It seems that these URL shorteners are a dime a dozen these days, what with Bit.ly, Tr.im, TinyURL and now even Digg.com has rolled out their own service for keeping those pesky hrefs in line.
With the increased use of short messaging services (such as – dare I say? – Twitter), these shortened URL’s have become increasingly popular on the Web. But are these services a good or bad thing? Could they put you at risk? Or are they just a useful tool?
Perhaps Ben Parr over at Mashable decided to play devil’s advocate, but his April 5th post entitled “5 Reasons Why URL Shorteners Are Useful” is a worthy response to blogging superhero Cory Doctorow‘s April 4th BoingBoing post “Why URL shorteners suck“.
To sum up Parr’s argument in defense of URL shorteners, he says they are useful because “they make links more manageable”, “they can track and compile click data”, “they can be transformed into social media services”, “they can provide users useful features” and “they promote sharing”. Go read Parr’s post to get more info, but for the most part these are good points about the usefulness of URL shorteners.
Doctorow’s challenge that these services “suck” is based on the ease at which a hacker could gain access to an unsuspecting user’s computer because of a tainted shortened URL. He cites a blog that suggests Twitter make their own service to ensure the safety of URL’s sent across its network along with another by Del.icio.us founder Joshua Schachter.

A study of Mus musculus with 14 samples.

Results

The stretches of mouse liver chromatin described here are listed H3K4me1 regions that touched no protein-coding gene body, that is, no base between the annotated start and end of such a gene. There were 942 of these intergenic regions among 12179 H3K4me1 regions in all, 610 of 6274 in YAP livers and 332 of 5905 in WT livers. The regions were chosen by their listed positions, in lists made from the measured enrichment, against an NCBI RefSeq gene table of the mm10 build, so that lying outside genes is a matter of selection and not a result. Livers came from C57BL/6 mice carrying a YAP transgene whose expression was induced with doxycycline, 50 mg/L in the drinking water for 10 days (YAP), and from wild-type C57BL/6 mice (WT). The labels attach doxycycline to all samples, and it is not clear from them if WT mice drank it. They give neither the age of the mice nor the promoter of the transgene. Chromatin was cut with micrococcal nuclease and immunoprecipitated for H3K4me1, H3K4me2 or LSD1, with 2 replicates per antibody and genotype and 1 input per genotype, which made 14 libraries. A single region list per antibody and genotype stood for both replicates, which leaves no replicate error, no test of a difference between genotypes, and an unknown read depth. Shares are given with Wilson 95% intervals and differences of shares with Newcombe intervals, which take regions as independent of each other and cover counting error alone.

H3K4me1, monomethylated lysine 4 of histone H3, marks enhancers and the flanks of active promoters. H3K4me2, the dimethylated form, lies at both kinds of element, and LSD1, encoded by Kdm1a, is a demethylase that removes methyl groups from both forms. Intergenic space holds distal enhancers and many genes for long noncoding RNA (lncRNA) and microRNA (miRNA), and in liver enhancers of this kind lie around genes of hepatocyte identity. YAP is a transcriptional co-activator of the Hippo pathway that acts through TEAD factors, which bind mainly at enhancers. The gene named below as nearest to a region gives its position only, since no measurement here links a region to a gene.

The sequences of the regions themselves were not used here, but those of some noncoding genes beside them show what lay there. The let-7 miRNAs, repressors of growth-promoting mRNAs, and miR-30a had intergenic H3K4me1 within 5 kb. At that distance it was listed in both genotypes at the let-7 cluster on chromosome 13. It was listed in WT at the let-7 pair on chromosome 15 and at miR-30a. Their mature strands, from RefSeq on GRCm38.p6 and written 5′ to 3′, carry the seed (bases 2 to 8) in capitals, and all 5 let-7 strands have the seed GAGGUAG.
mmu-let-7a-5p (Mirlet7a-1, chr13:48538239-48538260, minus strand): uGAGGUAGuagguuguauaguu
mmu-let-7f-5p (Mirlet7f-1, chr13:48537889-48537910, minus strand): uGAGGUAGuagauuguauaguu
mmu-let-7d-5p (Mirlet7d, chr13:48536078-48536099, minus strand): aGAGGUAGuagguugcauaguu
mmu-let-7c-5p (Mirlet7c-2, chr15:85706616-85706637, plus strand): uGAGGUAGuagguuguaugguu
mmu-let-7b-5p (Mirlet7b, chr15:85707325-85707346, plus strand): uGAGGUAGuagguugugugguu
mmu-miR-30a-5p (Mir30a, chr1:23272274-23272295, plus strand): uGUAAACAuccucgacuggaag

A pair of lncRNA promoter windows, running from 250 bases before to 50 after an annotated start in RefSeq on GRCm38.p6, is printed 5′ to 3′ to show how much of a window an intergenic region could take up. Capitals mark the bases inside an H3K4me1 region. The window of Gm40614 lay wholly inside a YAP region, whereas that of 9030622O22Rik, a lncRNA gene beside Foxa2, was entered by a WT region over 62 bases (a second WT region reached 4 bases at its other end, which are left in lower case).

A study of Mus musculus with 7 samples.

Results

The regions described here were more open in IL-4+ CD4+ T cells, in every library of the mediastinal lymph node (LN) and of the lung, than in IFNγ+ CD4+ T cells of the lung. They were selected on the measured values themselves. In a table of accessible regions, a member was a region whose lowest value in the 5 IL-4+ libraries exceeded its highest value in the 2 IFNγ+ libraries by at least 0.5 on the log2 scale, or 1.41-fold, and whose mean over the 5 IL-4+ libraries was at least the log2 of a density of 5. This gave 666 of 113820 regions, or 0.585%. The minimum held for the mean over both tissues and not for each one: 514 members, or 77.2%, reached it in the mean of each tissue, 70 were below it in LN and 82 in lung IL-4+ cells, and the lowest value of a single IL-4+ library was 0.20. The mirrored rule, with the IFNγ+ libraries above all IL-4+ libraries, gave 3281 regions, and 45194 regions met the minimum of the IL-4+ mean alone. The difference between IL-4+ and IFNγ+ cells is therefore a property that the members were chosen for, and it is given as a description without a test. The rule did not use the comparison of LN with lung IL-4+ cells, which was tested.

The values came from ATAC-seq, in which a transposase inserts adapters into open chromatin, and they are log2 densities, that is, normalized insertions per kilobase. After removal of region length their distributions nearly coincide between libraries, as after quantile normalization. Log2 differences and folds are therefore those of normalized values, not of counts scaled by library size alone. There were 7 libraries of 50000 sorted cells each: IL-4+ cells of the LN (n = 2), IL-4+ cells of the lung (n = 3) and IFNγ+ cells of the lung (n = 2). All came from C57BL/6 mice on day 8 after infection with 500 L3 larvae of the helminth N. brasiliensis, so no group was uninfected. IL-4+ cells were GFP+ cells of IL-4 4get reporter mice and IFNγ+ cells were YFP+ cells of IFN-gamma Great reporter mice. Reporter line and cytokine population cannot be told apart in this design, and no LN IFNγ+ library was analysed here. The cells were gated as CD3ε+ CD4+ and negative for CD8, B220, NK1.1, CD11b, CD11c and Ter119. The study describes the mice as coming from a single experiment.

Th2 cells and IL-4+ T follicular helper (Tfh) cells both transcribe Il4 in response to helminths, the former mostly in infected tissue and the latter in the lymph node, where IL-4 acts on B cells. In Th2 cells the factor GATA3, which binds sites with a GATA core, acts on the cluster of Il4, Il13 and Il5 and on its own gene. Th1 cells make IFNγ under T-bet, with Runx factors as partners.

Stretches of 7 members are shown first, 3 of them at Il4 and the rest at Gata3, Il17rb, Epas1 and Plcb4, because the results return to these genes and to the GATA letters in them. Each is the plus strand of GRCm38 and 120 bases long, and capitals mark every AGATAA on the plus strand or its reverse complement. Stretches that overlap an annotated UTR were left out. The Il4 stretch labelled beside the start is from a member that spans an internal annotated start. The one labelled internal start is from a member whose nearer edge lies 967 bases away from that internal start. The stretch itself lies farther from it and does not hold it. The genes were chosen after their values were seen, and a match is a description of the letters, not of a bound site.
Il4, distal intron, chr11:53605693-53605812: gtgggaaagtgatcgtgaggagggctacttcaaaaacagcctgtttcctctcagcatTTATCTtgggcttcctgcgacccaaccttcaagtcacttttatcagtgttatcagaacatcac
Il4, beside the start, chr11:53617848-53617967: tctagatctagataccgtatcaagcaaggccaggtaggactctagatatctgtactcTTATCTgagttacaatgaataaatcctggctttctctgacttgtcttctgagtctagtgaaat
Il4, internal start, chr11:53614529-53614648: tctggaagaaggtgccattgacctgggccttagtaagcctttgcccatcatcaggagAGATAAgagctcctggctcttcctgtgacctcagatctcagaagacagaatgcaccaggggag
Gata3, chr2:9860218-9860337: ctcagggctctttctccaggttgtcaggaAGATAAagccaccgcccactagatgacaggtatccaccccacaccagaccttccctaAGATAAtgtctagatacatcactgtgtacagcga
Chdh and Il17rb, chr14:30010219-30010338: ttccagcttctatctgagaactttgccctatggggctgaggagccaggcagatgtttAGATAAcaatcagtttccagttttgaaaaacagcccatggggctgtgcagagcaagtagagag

Schachter says that we are being burdened by clicking these blind links that could lead to malware, as well as by the middleman between us and the content we want to access. The later is a weaker argument than the safety argument, but it is interesting to note how much of our Web lives are in the hands of the cloud.
I don’t think Doctorow is claiming that URL shorteners are not useful, but rather, he is wary of their safety. A lot of things are useful but could potentially be dangerous, like an automobile, for example. Perhaps the post should have been titled “Why URL shorteners are dangerous”.
As the smoke clears, it seems like URL shorteners are too useful to disappear due to safety, but taking precautions with them is good practice. Beware clicking shortened links from people you do not know, and make sure you tell this to your mom when she inevitably gets on Twitter.